July 22-27, 2012
Washington, DC
  XIX International AIDS Conference, July 22-27, 2012, Washington, DC

Mark Mascolini

Diabetes in HIV-positive members of the French Aquitaine cohort was independently associated with lower scores on tests of cognitive function, according to results of a 400-person analysis [1]. No other cardiovascular-related factors affected risk of poor cognitive performance in this cohort.

Plentiful research documents higher rates of cardiovascular morbidity and mortality in HIV-positive people than in the general population. Cognitive function also declines more rapidly in people with than without HIV. To further the study of mechanistic links among these conditions, ANRS-CO3 Aquitaine Cohort investigators conducted this analysis of HIV-positive adults in southwestern France.

During the 2007-2009 study period, the 400 study participants underwent assessment of seven cognitive domains, diabetes, prediabetes, and other cardiovascular variables. Follow-up continued for 2 years in 288 of the 400 participants (72%). Study participants could not have an opportunistic infection or cancer being treated at the time of enrollment.

The Aquitaine team analyzed cognitive performance in seven domains and used the latest definition of HIV-associated neurocognitive disorder (HAND). The researchers considered both raw cognitive test scores and annualized percentage change in cognition. They defined diabetes as blood sugar above 7 mmol/L at least twice, or above 11.1 mmol/L once, or use of antidiabetic drugs. They defined impaired glycemia as at least two blood sugars between 6.1 and 7 mmol/L before enrollment.

Of the 400 cohort members, 320 (80%) were men and 96 (24%) had AIDS. Age averaged 47.3 years, median CD4 count stood at 515 and median CD4 nadir at 260. Most study participants (85%) had a viral load below 500 copies, and 89% were taking antiretrovirals. Thirty-eight people (9.5%) had diabetes, 32 (8%) had prediabetes, 177 (44%) had hypercholesterolemia, and 81 (20%) had hypertension.

Eighty-four cohort members (21%) had asymptomatic neurocognitive impairment, 126 (31.5%) had mild neurocognitive disorder, and 27 (6.75%) had HIV-associated dementia. Rates of normal glycemia, prediabetes, and diabetes were 4.2%, 9.5%, and 11.8% for people with asymptomatic impairment and 7.3%, 11.9%, and 11.1% for people with mild neurocognitive disorder or dementia.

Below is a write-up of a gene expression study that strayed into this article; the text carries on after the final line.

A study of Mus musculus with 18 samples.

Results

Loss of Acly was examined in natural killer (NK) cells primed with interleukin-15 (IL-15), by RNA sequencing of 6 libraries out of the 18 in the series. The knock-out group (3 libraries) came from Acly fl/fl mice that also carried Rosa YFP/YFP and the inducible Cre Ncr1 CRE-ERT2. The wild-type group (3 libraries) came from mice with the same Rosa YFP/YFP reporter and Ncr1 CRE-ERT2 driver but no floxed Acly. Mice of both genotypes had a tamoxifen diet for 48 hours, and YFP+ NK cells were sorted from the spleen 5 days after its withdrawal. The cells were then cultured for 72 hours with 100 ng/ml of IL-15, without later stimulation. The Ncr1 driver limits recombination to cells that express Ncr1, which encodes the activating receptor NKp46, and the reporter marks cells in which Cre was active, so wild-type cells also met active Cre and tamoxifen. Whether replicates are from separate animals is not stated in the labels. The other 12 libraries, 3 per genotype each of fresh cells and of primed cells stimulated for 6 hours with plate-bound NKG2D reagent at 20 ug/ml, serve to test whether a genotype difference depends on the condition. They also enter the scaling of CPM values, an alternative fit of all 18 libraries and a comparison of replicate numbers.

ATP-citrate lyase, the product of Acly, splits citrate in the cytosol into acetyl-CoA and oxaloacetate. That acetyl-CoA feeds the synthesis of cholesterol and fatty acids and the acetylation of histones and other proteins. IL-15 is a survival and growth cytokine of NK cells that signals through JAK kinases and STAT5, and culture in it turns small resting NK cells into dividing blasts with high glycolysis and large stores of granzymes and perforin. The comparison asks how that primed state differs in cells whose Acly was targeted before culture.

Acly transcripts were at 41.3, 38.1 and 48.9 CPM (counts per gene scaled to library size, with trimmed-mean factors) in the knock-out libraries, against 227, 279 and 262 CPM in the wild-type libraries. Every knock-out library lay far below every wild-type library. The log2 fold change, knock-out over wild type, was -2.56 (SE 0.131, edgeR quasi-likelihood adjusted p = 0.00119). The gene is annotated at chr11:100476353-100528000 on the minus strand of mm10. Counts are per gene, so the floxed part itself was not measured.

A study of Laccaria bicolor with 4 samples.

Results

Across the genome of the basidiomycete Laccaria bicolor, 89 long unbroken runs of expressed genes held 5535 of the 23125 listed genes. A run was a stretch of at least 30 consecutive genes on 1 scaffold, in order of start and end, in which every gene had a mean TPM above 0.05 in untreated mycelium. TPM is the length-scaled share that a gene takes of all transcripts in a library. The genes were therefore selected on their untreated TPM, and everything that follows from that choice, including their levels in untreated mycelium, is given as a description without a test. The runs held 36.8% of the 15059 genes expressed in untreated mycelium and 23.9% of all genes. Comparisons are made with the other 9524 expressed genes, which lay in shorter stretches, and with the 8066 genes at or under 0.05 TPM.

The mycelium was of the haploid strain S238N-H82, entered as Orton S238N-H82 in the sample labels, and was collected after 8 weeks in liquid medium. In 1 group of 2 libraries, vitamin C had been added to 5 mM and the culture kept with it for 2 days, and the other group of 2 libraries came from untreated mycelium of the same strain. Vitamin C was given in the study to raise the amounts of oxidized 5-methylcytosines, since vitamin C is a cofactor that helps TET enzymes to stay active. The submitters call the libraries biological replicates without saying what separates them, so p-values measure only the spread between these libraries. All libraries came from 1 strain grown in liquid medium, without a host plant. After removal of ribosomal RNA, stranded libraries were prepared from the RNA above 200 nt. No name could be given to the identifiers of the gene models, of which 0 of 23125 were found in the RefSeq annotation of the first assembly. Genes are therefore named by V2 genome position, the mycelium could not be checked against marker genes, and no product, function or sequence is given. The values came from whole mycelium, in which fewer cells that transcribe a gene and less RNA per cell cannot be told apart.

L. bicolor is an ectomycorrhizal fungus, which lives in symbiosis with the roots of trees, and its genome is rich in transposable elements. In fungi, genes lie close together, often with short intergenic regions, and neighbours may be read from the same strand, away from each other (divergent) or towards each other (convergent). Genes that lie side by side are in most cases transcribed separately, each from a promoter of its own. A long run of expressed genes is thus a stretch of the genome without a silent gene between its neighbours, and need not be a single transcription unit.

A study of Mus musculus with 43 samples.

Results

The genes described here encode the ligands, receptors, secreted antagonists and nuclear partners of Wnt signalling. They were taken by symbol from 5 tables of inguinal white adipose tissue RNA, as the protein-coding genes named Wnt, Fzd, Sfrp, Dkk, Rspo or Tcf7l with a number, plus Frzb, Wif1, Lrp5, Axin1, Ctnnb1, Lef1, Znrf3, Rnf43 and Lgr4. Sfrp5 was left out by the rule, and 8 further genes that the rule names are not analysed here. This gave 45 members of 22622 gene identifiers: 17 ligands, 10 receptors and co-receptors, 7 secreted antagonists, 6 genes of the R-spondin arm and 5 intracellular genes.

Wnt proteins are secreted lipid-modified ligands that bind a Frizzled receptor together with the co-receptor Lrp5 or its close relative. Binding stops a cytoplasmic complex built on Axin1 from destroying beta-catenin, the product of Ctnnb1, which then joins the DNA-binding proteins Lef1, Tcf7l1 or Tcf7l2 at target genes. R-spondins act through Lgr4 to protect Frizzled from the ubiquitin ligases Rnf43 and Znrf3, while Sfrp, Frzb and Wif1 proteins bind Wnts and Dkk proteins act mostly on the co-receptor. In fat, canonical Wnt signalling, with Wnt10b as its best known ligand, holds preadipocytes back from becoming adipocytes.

A multivariate model adjusted for age, gender, education, depression, HIV transmission category, CD4 count, viral load, exposure to antiretrovirals (including stavudine, didanosine, and indinavir), AIDS stage, hypertension, hypercholesterolemia, body mass index, and smoking status. In this model diabetes (compared with normal glycemia) was significantly associated with worse scores on six of the seven cognitive tests: Trail Making Test B of executive function (P = 0.01), Digit Symbol test of psychomotor speed (P = 0.0003), Purdue Pegboard test of manual dexterity (P = 0.0002), Rey complex figure test of visuospatial acuity (P < 0.001), Grober and Buschke episodic memory test (P = 0.0002), and Isaac Set test of semantic fluency (P = 0.02).

Compared with people who had normal glycemia, those with prediabetes had significantly worse scores on the Trail Making Test B (P = 0.04), the Digit Symbol test (P = 0.04), the Purdue Pegboard test (P = 0.02, and the Isaac Set test (P = 0.04).

A longitudinal analysis of annualized percent change in neurocognitive domains considered the same variables as the just-described cross-sectional analysis. Over time, scores declined significantly for people with diabetes (but not prediabetes or normal glycemia) in the Trail Making Test B, the Rey complex figure test, and the Grober and Buschke episodic memory test. Findings did not change after the researchers used inverse probability weighting to account for attrition from the cohort at the 2-year follow-up point.

The Aquitaine team concluded that HIV-positive people with diabetes perform worse on cognitive tests, especially those assessing executive function, attention, and psychomotor speed. They found no association between other cardiovascular risk factors and neurocognitive test scores.

The investigators noted that the mechanisms linking diabetes to neurocognitive function remain to be clarified, but they speculated that those mechanisms could involve the impact of HIV and its treatment on inflammation and microcirculation.

A case-control study of HIV-positive and negative US women without a history of diabetes found that higher levels of full-length soluble insulin receptor in plasma were associated with presence and severity of HIV-associated neurocognitive disorder (HAND) [2]. These researchers suggested that "insulin receptor dysfunction may have a role in the progression of HAND and could represent a biomarker for the presence and severity of HAND."

In a cross-sectional analysis of 130 US CHARTER cohort members, diabetes appeared to be associated with neurocognitive impairment only in older study participants [3].


1. Dufouil C, Richert L, Bruyand M, et al. Type 2 diabetes is associated with lower cognitive performances in a cohort of HIV-positive patients. ANRS CO3 Aquitaine Cohort, Bordeaux, France, 2007-2009. XIX International AIDS Conference. July 22-27, 2012. Abstract THAB0203.

2. Gerena Y, Skolasky RL, Velez JM, et al. Soluble and cell-associated insulin receptor dysfunction correlates with severity of HAND in HIV-infected women. PLoS One. 2012;7:e37358. http://www.plosone.org/article/info%3Adoi%2F10.1371%2Fjournal.pone.0037358.

3. McCutchan JA, Marquie-Beck JA, Fitzsimons CA, et al. Role of obesity, metabolic variables, and diabetes in HIV-associated neurocognitive disorder. Neurology. 2012;78:485-492. http://www.ncbi.nlm.nih.gov/pubmed/22330412.